Robertson Stevens Settles Market Timing Case

State Attorney General Spitzer today announced a $30 million settlement with RS Investments (RS) to resolve allegations that the company permitted excessive market timing of its mutual funds.

Under the terms of the settlement, which was reached in cooperation with the Securities and Exchange Commission, RS has agreed to pay $11.5 million in restitution and disgorgement to injured investors, $13.5 million in civil penalties and $5 million in a reduction of fees charged to investors over a five-year period.

"RS managers and executives knew that arrangements with market timers were contrary to claims made in the company's prospectus and harmful to long-term investors," Spitzer said. "Despite this knowledge, company officials allowed and facilitated market timing of funds because it proved to be a lucrative source of fee revenues."

Market timing activity within the RS Emerging Growth Fund first came to the Attorney General's attention during the investigation of Canary Capital Partners in the summer of 2003. Since then, coordinated investigations by state and federal regulators revealed that RS entered into agreements with other market timers, including Canary, which allowed them to engage in improper, frequent short-term trading of shares of the RS fund at the expense of other fund shareholders.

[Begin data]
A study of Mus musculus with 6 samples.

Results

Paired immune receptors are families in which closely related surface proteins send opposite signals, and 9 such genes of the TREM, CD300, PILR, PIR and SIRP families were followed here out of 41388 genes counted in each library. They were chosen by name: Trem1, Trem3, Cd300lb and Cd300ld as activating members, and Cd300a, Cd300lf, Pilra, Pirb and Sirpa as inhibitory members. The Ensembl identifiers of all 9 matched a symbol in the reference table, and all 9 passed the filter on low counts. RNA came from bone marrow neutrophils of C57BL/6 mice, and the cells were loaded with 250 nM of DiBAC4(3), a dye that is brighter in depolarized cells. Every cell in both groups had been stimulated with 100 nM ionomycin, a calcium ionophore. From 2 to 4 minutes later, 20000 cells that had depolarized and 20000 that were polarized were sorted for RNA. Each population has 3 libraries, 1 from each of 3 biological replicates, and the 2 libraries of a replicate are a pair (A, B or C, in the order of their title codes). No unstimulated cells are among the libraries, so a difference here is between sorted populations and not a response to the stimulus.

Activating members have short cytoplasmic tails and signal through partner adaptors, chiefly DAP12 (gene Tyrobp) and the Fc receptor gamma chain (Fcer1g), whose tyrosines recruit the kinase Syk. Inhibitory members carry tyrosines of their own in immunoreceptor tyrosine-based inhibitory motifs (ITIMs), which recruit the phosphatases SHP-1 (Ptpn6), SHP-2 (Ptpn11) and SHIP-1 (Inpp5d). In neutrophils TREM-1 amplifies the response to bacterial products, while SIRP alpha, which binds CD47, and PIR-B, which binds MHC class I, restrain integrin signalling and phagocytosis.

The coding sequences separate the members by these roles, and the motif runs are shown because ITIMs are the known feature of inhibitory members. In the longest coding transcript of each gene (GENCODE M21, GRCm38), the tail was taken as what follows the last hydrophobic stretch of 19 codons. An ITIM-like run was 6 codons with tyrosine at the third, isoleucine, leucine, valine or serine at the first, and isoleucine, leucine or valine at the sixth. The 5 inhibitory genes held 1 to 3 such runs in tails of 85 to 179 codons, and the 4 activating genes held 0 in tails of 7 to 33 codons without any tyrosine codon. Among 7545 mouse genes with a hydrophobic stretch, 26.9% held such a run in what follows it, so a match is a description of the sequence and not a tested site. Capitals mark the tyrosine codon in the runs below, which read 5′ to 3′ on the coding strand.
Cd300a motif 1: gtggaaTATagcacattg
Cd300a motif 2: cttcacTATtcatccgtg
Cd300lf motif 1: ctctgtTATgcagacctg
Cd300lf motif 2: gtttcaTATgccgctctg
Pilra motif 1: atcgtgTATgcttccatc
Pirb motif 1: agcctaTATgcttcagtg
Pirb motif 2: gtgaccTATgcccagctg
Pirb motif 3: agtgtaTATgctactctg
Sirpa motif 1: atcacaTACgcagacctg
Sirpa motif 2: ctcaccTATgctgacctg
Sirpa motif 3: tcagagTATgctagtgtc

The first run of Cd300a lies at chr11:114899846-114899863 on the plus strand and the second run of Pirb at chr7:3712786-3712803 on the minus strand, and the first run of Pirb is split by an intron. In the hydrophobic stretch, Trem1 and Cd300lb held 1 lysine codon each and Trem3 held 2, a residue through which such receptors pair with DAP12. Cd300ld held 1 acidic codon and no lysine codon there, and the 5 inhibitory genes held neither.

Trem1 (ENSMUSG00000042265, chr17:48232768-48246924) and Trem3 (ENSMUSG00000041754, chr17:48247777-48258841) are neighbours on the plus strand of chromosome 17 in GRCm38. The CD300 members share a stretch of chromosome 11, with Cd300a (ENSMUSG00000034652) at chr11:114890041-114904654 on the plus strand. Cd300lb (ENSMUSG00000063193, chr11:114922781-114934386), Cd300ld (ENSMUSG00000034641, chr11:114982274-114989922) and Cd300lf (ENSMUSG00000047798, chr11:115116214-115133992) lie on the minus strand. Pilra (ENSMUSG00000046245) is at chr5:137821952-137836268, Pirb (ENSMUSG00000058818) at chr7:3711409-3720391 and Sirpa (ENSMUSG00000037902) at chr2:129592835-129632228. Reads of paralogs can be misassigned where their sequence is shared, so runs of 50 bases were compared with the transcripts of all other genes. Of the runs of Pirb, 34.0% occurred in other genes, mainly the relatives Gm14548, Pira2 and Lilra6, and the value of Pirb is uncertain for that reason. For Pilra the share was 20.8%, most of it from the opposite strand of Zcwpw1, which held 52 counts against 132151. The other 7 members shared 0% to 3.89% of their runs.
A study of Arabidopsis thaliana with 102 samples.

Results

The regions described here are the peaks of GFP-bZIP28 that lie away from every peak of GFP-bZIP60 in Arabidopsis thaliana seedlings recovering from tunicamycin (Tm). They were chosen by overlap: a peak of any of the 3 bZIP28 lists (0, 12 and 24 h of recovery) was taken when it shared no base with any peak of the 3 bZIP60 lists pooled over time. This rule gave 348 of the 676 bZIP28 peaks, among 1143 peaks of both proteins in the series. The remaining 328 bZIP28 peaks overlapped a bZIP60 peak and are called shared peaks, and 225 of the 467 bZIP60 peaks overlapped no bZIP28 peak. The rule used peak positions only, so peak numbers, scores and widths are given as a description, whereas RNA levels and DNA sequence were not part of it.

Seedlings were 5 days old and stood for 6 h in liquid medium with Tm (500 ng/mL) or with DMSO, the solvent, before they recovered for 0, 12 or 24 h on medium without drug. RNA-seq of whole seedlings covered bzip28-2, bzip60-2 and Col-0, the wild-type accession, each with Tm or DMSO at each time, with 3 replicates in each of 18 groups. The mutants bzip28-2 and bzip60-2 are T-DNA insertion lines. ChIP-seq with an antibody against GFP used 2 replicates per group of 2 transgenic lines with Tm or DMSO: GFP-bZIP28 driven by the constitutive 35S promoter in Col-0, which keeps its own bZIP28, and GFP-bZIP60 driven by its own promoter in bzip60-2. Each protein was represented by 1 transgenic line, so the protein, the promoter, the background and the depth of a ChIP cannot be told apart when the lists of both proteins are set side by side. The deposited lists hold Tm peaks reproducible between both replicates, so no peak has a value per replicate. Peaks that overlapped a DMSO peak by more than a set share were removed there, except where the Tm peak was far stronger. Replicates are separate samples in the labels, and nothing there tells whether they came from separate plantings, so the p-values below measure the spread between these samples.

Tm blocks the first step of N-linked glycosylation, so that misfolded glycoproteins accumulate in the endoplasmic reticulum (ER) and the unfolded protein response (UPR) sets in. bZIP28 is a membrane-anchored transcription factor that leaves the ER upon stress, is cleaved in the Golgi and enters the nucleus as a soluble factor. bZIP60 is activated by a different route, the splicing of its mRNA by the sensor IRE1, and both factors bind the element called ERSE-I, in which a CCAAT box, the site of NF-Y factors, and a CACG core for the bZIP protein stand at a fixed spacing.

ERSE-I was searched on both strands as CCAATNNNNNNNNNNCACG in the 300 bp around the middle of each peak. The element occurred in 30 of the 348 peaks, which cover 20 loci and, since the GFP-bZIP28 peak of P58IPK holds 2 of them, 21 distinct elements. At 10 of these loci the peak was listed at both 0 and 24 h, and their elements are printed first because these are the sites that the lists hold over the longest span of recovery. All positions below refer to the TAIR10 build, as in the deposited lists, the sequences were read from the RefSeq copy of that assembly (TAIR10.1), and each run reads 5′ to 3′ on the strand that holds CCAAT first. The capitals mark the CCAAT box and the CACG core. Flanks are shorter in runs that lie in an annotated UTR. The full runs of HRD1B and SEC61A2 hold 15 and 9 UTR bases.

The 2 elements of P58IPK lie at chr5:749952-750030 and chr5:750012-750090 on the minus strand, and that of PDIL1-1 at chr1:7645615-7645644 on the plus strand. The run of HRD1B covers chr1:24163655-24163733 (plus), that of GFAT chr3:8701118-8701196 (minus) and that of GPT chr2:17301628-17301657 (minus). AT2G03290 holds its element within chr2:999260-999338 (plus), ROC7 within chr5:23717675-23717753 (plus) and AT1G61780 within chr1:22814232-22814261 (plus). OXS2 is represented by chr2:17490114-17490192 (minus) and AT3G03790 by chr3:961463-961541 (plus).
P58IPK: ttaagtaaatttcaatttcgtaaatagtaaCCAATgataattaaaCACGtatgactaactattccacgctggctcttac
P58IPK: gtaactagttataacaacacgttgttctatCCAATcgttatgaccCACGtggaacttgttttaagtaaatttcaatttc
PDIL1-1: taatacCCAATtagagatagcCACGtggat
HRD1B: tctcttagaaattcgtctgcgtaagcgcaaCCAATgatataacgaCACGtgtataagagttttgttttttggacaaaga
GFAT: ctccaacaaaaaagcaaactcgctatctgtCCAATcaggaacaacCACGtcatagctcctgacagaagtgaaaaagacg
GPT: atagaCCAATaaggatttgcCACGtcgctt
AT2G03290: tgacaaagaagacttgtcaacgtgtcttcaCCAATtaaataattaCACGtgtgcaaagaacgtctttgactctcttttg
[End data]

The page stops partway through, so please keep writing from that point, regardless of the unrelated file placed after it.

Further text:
The agreements that RS made with timers were not disclosed to long-term investors. Indeed, the prospectus for RS' s equity funds told investors that: "You may not exchange your investment more than four times in any 12-month period . . . ."

As part of the settlement, RS has agreed to implement significant corrective measures designed to create greater board and adviser accountability and to prevent the kinds of abuses that gave rise to this investigation.

These measures include designation of an independent board chairperson with no prior connection to the company or its affiliates; enhanced compliance and ethics controls; new disclosure to investors of expenses and fees, and a commitment to hire a full-time senior officer to ensure that fees charged by the funds are negotiated at arm's length and are reasonable.

RS, located in San Francisco, is a mutual fund adviser to ten mutual funds with a total of approximately $5 billion in assets under management as of the end of 2003.

The Attorney General's investigation was handled by Senior Enforcement Counsel Roger Waldman and Assistant Attorney General Verle Johnson, under the supervision of David Brown IV, Chief of the Attorney General's Investment Protection Bureau, with assistance provided by Economist Hampton Finer of the AG's Public Advocacy Division.